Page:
Saturday, August 15, 2009

Chai Fan (Bok Choi Rice)

Chai Fan (Bok Choi Rice)
Home Cooking

When I feel like I need vegetables, I order salad or I made savory muffins/pancakes. When my parents feel like they need vegetables, they make 'chai fan'. I'm not sure if this is a specific Shanghainese thing or more trans-China but it's a meal staple, it's nutritious and it tastes good.

I'll run through the method that my mum uses but apparently, there's a lot of estimation because the technique is 'touchy'. Up to a certain point, the steps are straight forward and then, when you're adding water, call on your risotto instincts because the principle is very much the same: add water gradually until the rice is just cooked.

The basic ingredients are bok choi and rice. My family likes to add a bit of salted meat (dad salts and dries the meat himself) but obviously this is not available to everyone. Another tasty addition is Chinese sausage i.e. lap chong. You can buy these from any Asian supermarket - they look like thin salami sticks.

Chai Fan (Bok Choi Rice)
Serves 4-5

  • 2 bundles of bok choi (approx 750g)
  • 4 tbsp vegetable oil
  • 3 cups of rice (uncooked)
  • 250g salted meat (or the same weight in lap cheong)
Salted meat


1. Chop the bok choi up - it doesn't have to be too fine.2. In a large wok, heat the vegetable oil and toss the bok choi in. Add the salted meat or lap choeng and stir-fry till the boy choi is wilted and the meat is just starting to change color (lap cheong won't change color but the fat inside will begin to render).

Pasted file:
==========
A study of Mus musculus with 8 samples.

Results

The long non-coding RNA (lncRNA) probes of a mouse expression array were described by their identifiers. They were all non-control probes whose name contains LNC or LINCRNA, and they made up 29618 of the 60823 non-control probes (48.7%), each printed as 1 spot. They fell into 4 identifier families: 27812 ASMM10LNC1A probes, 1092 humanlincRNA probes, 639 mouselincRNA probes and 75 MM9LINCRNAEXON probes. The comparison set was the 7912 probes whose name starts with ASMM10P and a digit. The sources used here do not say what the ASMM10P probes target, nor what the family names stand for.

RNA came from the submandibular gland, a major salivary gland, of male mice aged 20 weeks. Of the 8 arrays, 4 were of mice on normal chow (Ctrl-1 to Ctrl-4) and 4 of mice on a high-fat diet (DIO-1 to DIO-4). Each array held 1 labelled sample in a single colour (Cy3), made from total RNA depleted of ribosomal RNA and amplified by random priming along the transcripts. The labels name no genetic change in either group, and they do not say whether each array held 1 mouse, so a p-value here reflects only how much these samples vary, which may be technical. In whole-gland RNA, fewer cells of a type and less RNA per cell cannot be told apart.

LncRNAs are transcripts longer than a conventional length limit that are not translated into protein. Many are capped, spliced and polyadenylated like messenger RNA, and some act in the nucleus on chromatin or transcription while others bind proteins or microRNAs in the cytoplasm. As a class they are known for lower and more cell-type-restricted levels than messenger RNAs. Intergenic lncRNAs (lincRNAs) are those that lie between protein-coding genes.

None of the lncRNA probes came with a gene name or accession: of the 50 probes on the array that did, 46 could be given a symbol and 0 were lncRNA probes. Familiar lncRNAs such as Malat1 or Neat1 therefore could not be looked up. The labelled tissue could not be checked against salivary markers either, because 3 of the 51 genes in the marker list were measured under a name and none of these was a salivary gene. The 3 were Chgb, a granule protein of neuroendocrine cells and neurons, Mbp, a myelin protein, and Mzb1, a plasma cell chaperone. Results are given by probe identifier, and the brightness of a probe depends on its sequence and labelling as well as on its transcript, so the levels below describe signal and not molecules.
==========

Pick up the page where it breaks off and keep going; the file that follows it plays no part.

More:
3. Add the rice and keep stir-frying until the rice granules start to go opaque white.4. At this point, transfer the whole lot into a rice cooker and add about 1 cup of water. Close the lid and flick the rice cooker on.
5. Once the rice cooker switches to 'warm' (as in, it thinks it's finished cooking), add a little more water (approx 1/3 cup at a time) and flick the switch again to 'on'.
6. Repeat this until the rice is cooked - might take 30min or even a bit longer. This is the tricky part because you don't want it to over-cook and become gluggy. The rice tastes best if the granules are still reasonably separated but you also don't want hard bits of uncooked rice. Adding the water gradually is the best way to do it (like when making risotto) but it's time-consuming and difficult to get right.
7. Once the rice is cooked, serve as is - no need for any dishes to accompany it. Usually, you don't need to add salt because the meat is salty but if you are doing a pure vegetarian version, you might want to add a bit of salt at the beginning in the wok.

All ready to serve

The success of chai fan really depends on the rice-cooking stage. The last time mum made this (when I took these photos), it turned out really yum. It's surprising how you can make something as boring as rice and bok choi taste so good. Chai fan is probably real 'peasant' food because it's cheap and simple but sometimes, you gotta think that they have the right idea.

Close-up (color is a bit off because of my camera)


  1. Hm.. I wonder what the functions are of stir-frying the rice first, or cooking the rice in stages of adding water, rather than adding all the water at once..?

  2. I think it's the same as when you make risotto - you add water a bit at a time to prevent it from going gluggy.